COMPOSERS: Johann Simon Mayr
ALBUM TITLE: Mayr
PERFORMER: Andrea Lauren Brown, Jaewon Yun, Markus Schäfer, Katharina Ruckgaber; Members of the Bavarian State Opera Chorus; Simon Mayr Chorus; Concerto de Bassus/Franz Hauk
CATALOGUE NO: Naxos 8.660367-68
Johann Simon Mayr (1763-1845) was a vastly prolific composer. German-born, resident in Italy for most of his life, admired pedagogue based in later years in Bergamo, he is best remembered today as Donizetti’s much-loved teacher. Among his 600-odd compositions are 70 operas, a handful of which have been recorded. The 1960s revival of Medea in Corinto (Naples, 1813), most celebrated of his stage works during his lifetime, led the way.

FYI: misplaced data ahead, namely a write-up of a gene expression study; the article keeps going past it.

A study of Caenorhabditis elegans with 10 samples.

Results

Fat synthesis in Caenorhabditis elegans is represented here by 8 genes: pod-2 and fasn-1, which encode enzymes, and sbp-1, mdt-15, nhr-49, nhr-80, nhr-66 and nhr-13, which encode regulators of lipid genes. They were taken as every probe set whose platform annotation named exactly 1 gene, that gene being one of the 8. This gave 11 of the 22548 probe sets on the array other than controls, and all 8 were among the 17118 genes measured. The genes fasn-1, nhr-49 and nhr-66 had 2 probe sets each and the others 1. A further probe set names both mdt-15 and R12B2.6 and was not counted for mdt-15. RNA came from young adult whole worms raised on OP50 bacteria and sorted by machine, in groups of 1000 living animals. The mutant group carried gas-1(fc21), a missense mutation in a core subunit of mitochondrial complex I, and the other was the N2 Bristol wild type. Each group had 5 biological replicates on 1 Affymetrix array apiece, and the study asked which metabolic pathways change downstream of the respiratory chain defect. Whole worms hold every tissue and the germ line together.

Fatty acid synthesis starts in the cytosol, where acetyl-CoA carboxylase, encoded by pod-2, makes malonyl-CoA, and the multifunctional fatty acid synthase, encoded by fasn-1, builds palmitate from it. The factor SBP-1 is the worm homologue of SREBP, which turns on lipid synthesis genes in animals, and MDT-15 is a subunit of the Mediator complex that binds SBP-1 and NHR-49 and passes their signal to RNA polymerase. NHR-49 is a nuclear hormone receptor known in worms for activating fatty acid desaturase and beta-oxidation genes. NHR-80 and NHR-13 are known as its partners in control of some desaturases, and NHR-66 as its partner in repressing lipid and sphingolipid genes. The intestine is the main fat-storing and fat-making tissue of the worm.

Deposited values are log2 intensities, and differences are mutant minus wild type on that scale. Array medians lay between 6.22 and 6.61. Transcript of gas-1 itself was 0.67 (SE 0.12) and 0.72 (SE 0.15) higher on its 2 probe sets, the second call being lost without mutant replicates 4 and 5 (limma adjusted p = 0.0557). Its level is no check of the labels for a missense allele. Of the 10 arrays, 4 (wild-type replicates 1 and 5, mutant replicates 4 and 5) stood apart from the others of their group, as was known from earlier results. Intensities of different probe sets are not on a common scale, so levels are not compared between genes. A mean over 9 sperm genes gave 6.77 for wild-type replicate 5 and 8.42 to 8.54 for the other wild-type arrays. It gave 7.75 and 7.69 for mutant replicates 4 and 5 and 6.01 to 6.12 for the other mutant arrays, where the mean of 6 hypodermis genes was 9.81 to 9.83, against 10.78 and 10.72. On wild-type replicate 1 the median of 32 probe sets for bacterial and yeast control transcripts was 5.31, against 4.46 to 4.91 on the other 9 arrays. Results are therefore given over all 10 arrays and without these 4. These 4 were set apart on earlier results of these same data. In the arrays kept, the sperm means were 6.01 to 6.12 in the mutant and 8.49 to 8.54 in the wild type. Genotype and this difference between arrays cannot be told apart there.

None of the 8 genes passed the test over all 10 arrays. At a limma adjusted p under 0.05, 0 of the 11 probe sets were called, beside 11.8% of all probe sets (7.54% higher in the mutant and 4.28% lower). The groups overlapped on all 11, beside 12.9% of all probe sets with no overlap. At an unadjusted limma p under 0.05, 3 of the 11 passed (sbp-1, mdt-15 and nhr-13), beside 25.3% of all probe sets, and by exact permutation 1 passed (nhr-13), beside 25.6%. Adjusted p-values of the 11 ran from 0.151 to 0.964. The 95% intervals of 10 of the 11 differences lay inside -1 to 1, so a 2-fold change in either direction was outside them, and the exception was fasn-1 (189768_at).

Now rediscovery is fruitfully continued by this Naxos Saffo (made in tandem with a 2014 concert performance in the German city of Neuburg): it’s Mayr’s first opera, written for Venice (1794), and revealed here as grandly laid out and filled with beautifully limpid, euphonious vocal and instrumental invention. A common historical placing of Mayr is as the link between Mozart (whom he revered) and Rossini (whose celebrity came to supplant his own). But in this late-period opera seria other significant influences are evident – notably Haydn and, strongly in the temple scenes of Act II, Gluck.
A rider: on this evidence Saffo comes across as largely undramatic. This is intrinsic to Sografi’s dull libretto; the lovelorn poetess Sapho praying for relief at the temple of Delos makes a very unarresting heroine. But the lack is exacerbated by this unvaryingly bland, though musicianly and carefully prepared, reading under the Mayr enthusiast Franz Hauk. The three leading sopranos, none less than adequate, all sound too much alike; Italian delivery is stilted, and the backward recording of the chorus devalues its important role in the unfolding.